Cassie Dickson, 18, spends her days wrapped up in stories about werewolves, vampires and teens lured out on dangerous adventures. But she’s not reading the classics. She’s writing her own.
Dickson has self-published “Quenched,” the first book in a four-part series about the escapades of seven teenagers from a Southern California high school who become engulfed in the supernatural while on an unusual biology field trip. The blood of a vicious vampire is the key to their escape. Today, she’s finishing up the second volume, which will be released in early 2014.
The Lodi resident, who moved here in April, discussed the book, her inspiration and future plans.
What inspired this book?
I came up with the idea because I have chronic headaches and migraines. The main character, Jack, suffers from night terrors, so I channeled my pain into her story.
It started with a burst of inspiration, then became something that encouraged me to look forward to every day. It took off, and I fell in love with it.
How is it different from the deluge of vampire novels on the market?
First of all, my vampires are not really undead. They have a sickness, and they have to drink blood to stay alive. They don’t like blood or sunlight, but both are good for them. They’re called Lucifercians.
The werewolves, over the generations, got tired of having to hide. They stopped transforming and lost the ability, so now they’re normal people. They’re called exterfercians.
I also created two new kinds of creatures. There is the Gabralians, who drank holy water and now can only be killed by vampires.
Inexisones don’t exist to anyone who didn’t know them before their transformations. In the desert town, these are the four warring clans.
Also, there’s no romance aspect. It looks like there’s going to be a love triangle, but there never is one. I promise.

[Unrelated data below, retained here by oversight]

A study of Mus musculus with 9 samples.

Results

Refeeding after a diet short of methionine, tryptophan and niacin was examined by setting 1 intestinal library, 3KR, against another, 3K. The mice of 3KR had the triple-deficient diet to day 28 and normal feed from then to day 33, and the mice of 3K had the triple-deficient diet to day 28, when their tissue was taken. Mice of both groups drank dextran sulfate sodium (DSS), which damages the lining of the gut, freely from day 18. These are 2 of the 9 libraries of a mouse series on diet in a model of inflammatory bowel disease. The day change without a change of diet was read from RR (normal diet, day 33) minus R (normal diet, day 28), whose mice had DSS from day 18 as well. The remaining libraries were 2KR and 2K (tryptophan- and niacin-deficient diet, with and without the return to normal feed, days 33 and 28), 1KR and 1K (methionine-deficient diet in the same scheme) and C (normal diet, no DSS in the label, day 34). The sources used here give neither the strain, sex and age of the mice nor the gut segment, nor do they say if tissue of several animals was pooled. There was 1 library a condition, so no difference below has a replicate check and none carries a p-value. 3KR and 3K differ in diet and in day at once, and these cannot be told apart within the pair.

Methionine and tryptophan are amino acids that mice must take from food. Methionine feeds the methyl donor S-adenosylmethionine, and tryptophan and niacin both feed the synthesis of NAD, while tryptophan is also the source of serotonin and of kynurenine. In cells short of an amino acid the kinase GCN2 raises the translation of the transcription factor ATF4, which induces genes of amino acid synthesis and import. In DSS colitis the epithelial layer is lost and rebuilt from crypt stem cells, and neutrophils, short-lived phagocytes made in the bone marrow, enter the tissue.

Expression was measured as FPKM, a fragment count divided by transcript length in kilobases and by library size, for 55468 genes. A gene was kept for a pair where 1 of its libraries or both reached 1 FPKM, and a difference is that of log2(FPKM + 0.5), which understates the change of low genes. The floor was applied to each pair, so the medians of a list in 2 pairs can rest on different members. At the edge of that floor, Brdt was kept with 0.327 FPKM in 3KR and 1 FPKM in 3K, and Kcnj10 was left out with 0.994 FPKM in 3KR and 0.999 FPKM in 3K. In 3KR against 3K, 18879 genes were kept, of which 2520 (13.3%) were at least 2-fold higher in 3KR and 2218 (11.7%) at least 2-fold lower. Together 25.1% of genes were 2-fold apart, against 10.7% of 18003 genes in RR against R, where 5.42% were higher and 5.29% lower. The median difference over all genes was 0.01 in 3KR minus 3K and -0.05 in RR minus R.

What was the best part of the writing process?
Creating the characters. They’re all unique, with their own stories and thoughts. I also liked writing the relationships between them.
What challenges did you run into while writing?
The biggest challenge was making sure the story didn’t move too fast or too slow. I also had to make sure the characters had room to develop, that they didn’t remain static.
Which character was the hardest to write?
I think Jack was the hardest. I have a lot in common with her. I didn’t really want to utilize her in this first story because I want to save her for a later book. Holding back from using her greatly in this storyline is really hard because she is my favorite.
Why did you choose to self-publish?
I think it was easier for me. I could do it how I wanted. It seemed easier and my mom thought it was the best route to go.
Where do you get your writing done?
Most of my writing happens in my room by myself on my laptop, with my dog Vanzee with me.
Who wins in a fight: Vampires or werewolves?
Honestly, who does not prefer werewolves?